Running since March 2017 From the twilight of the Russian Empire to the euphoria of Paris, a new romantic musical about a brave young woman attempting to discover the mystery of her past.
From the producers: Inspired by the beloved films, the romantic and adventure-filled new musical "Anastasia" transports us from the twilight of the Russian Empire to the euphoria of Paris in the 1920s, as a brave young woman sets out to discover the mystery of her past. Pursued by a ruthless Soviet officer determined to silence her, Anya enlists the aid of a dashing conman and a lovable ex-aristocrat. Together, they embark on an epic adventure to help her find home, love, and family.
Composer Stephen Flaherty and lyricist Lynn Ahrens pen the score, with original songs filling out the tunes they originally wrote for the animated film, with Terrence McNally on board to write the book. The new musical comes to Broadway following a tryout run in Connecticut in 2016.
The production features Christy Altomare, Derek Klena, John Bolton Caroline O’Connor, Ramin Karimloo ("Les Misérables") and Mary Beth Peil. Tony Award winner Darko Tresnjak ("A Gentleman’s Guide to Love & Murder") directs.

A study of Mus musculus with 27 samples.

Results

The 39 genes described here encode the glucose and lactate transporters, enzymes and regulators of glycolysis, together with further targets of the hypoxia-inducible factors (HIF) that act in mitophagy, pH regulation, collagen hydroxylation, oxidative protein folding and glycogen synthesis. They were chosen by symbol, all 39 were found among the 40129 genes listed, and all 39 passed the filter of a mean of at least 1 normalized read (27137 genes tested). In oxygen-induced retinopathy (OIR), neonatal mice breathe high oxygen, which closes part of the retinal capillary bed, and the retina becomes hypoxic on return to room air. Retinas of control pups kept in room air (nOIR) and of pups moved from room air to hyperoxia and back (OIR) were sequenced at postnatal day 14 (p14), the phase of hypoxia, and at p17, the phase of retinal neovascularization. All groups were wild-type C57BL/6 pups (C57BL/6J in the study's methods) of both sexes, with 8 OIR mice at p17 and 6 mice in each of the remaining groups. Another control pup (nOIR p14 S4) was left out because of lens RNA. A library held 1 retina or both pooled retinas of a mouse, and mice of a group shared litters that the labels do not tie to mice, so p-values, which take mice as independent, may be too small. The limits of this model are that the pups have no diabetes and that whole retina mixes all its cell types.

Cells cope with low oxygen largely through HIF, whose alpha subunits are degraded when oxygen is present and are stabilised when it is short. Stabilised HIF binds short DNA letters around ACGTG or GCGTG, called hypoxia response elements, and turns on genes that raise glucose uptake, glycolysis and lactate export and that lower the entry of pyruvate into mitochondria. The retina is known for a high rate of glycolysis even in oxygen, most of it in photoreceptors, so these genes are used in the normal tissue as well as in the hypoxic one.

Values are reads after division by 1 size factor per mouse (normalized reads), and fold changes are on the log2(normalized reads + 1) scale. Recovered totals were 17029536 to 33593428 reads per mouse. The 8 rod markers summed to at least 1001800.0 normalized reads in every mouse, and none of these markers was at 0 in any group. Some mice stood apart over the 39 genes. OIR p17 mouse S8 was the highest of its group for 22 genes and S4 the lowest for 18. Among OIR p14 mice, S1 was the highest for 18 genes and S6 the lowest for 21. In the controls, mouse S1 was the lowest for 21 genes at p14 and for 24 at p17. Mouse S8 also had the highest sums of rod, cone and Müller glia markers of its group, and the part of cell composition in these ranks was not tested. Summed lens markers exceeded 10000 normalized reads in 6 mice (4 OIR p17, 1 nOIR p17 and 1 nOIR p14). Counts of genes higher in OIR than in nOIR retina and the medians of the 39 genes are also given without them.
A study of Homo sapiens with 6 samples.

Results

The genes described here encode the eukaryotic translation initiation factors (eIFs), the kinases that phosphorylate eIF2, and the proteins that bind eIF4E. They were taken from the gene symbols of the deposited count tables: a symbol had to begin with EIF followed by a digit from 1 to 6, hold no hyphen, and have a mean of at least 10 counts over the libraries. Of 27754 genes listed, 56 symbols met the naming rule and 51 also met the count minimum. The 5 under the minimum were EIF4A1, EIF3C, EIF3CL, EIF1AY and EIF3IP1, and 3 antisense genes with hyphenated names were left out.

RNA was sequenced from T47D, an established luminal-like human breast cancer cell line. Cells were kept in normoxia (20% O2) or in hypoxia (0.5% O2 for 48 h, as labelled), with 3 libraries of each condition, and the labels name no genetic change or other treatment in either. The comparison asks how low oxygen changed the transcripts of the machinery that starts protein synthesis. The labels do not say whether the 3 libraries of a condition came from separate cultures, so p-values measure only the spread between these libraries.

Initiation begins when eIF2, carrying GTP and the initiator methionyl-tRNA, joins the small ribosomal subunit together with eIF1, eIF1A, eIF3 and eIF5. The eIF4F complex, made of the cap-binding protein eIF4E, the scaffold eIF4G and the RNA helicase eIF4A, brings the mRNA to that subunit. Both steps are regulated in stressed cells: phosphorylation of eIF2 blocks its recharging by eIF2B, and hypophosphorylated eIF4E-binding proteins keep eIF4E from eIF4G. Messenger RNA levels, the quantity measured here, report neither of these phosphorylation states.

The show, despite being filled with some very good songs and performances, suffers from its own identity crisis. It's got a split personality and is torn between whether it's serious drama or frothy musical comedy. [The] score is a tuneful mix of mostly new numbers, plus a few holdovers from the film. Tresnjak's staging boasts momentum and atmosphere...but a consistent mood eludes the director. While the show's tone is muddy, Altomare has a bright, clear voice and shines in the lead role.
Fidget-inducing...the show's relatively one-note tone...the costumes and screen-based sets that transport the audience are the true standouts of this show. Fans of the film will find some joy in the score. Flaherty and Ahrens wrote an abundance of new tracks...The mix feels cohesive, though nothing trumps their original [songs]. Director Tresnjak caters to his young audience with a healthy - perhaps too healthy - dose of superfluous ensemble sequences.